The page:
Here at LADOT we are working closely with Metro and coordinating with Santa Monica and Long Beach to bring bikeshare to Los Angeles County. As we work diligently on launching a regional system, we like to stay up to date about programs in other cities to understand best practices and learn from one another. Time and again, one trend has proven true – Bikeshare is here, there and everywhere and growing exponentially every year.
Nationally, within the last five years, bikeshare systems have boosted multi-modal mobility in large cities like Washington D.C., Chicago, Boston, New York, Bay Area, and Seattle. Bikeshare has also emerged as a mid- and small city transportation solution in Des Moines, Aspen, Boulder, San Antonio, and many more. Internationally, cities all over the world have launched bikeshare systems. As of September 2014, bikeshare programs help transport people in more than 700 cities in 57 countries, with a combined fleet close to 800,000 bicycles worldwide.
Bikeshare has seen upward trending growth in the past few years – in 2013 total program launches rose by 60%. A large part of this growth can be attributed to one country: China leads the world in terms of number of programs, stations, and bicycles by a long shot. The numbers increase daily, but as of September, 170 separate operations were on the ground in Chinese cities. Close seconds include Italy and Spain with 130 programs each. Tied for third were Germany, France, and the United States with roughly 40 cities each. To put that into perspective – while only one out of every six people live in China, three out of four bikeshare bikes, in the world, are located there.
Bicycling is not new to China. Three decades ago, China was referred to as the “Kingdom of Bicycles” due to the majority of the vast population who used bicycles for transportation. However, bicycle use has significantly declined over the past 20 years. Consistent with trends in “emerging markets“, China has shifted towards the automobile in recent years. One step China has taken to combat the declining numbers of people using bicycles for transportation and address transit connectivity was to launch public bikeshare programs countrywide. This shift has reignited the country’s passion for bicycling and helps to hinder the growing reliance on owning and utilizing automobiles.
Unfortunately, Chinese bikeshare programs are no stranger to the tricky financing issues that have complicated bikeshare systems throughout the world. Since bikeshare fares in China are relatively low (the first hour is free and each additional hour is 1 RMB or 16 cents USD), fare revenue alone cannot cover costs, and therefore the programs must be heavily subsidized. Local governments, as in many other countries, have used funding strategies, such as selling advertising space on the bikes and at the stations, to ensure the programs remain fiscally sustainable.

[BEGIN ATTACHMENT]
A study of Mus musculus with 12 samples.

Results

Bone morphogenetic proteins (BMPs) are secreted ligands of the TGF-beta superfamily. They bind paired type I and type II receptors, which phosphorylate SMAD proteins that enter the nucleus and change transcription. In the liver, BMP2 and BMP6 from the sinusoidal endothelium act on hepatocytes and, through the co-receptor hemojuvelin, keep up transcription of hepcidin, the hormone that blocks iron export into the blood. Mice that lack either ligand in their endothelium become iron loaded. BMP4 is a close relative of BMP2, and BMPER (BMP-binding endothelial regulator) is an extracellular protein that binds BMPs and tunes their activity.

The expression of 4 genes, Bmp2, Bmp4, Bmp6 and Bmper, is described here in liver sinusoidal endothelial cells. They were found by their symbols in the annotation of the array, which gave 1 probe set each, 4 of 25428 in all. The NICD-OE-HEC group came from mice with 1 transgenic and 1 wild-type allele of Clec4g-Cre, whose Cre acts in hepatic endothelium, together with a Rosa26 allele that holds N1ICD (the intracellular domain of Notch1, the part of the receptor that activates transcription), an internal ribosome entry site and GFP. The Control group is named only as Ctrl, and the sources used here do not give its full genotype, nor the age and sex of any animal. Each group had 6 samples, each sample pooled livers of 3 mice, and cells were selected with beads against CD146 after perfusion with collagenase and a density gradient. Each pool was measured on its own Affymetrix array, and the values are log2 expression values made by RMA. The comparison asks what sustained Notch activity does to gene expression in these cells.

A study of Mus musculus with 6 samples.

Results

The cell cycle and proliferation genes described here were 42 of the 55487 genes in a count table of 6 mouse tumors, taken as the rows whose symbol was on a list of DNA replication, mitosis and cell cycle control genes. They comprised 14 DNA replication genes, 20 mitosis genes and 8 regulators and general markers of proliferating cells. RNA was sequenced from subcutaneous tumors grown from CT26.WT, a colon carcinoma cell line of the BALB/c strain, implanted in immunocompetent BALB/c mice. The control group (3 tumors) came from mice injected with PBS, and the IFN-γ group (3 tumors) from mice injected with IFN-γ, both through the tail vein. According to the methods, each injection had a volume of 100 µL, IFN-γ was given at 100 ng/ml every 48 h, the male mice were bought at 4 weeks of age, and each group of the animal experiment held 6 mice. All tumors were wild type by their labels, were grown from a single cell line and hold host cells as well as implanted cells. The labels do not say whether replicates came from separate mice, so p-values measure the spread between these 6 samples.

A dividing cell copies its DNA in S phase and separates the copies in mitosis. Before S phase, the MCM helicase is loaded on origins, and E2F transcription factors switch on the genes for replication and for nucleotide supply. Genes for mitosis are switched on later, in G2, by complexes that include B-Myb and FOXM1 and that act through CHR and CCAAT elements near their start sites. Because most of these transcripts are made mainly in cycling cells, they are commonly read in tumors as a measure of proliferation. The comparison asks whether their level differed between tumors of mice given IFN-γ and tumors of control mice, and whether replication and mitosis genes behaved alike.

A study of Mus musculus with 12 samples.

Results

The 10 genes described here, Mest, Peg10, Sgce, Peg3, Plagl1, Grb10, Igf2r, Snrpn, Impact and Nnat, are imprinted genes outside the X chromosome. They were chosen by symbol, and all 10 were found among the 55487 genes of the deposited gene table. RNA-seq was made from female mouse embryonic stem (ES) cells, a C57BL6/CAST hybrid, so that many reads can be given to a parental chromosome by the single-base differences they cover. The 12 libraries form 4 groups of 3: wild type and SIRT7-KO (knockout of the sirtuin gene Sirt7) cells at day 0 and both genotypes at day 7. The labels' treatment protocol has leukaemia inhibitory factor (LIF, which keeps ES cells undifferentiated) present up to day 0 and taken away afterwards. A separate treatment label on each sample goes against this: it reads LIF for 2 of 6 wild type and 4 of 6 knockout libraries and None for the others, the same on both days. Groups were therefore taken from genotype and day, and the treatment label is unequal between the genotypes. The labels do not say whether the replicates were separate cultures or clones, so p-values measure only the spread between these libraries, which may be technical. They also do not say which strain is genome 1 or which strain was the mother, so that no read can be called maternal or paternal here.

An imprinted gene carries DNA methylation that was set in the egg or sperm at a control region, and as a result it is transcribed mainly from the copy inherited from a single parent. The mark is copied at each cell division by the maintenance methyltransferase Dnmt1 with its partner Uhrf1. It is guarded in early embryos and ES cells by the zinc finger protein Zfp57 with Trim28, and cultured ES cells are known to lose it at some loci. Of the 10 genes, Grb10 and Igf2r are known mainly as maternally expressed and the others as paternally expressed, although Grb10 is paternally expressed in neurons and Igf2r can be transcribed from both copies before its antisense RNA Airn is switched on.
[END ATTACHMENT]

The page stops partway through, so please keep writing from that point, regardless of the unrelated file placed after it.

Let’s delve into two Chinese programs more closely…
Bikeshare in Hangzhou
The Hangzhou Public Bike program debuted in 2008 as the first information technology-based bikeshare program in mainland China, providing an affordable and convenient feeder service to public transit. Hangzhou’s bikeshare hosts 78,000 bikes and 2,435 stations, primarily located adjacent to public transit stations, recreational centers and commercial hubs. Larger bikeshare stations, located next to transit nodes, hold 80 to 140 bicycles. For comparison purposes, most U.S. cities have stations that can dock 10 to 20 bikes. The bikeshare programs utilize the same payment card system as the subway, bus, ferry and taxi systems to encourage convenient, multi-modal transportation. By 2011, 30% of transit commuters had incorporated bikeshare into their commute. It is estimated that by 2020 the city’s fleet could grow to 175,000 bikes!
Bikeshare in Guangzhou
The city of Guangzhou was named the winner of the 2011 Sustainable Transport Award, awarded by ITDP, an international nonprofit that works with cities on projects to reduce greenhouse gases and improve the quality of urban life. Guangzhou clinched the prize to honor its bus rapid transit (BRT) system, which opened in February 2010. Guangzhou’s BRT carries more than 25,000 passengers per hour in a single direction and 850,000 passengers per day, making it one of the world’s largest. Most importantly, the bus system seamlessly integrates into rail, bike paths, and the City’s bikeshare stations.
It was no small feat to integrate the City’s extensive BRT network with the 119 bikeshare stations with 6,433 bikes operating along the BRT corridor. A whopping 20,000 people currently use the city’s bikeshare system each day. This multi-modal transit corridor is part of broader urban design overhaul in Guangzhou, which includes new high-quality public spaces, attractive architecture and landscape design at and around the BRT stations. Watch Guangzhou’s BRT and bikeshare in action!
The bigger picture
The success of China’s massive bikeshare systems is a replicable approach to facilitating multi-modal mobility throughout the world. Integrating bikeshare with public transit is an investment that can yield great benefits – an increase in accessibility, mobility, and connectivity in the transportation system, as well as an improvement in sustainability and social equity in communities.
As we continue to work on our own system, we will continually monitor national and international progress. On our radar is the latest program to hit the streets – Buenos Aires, Argentina launched in March! Stay tuned #bikeLA!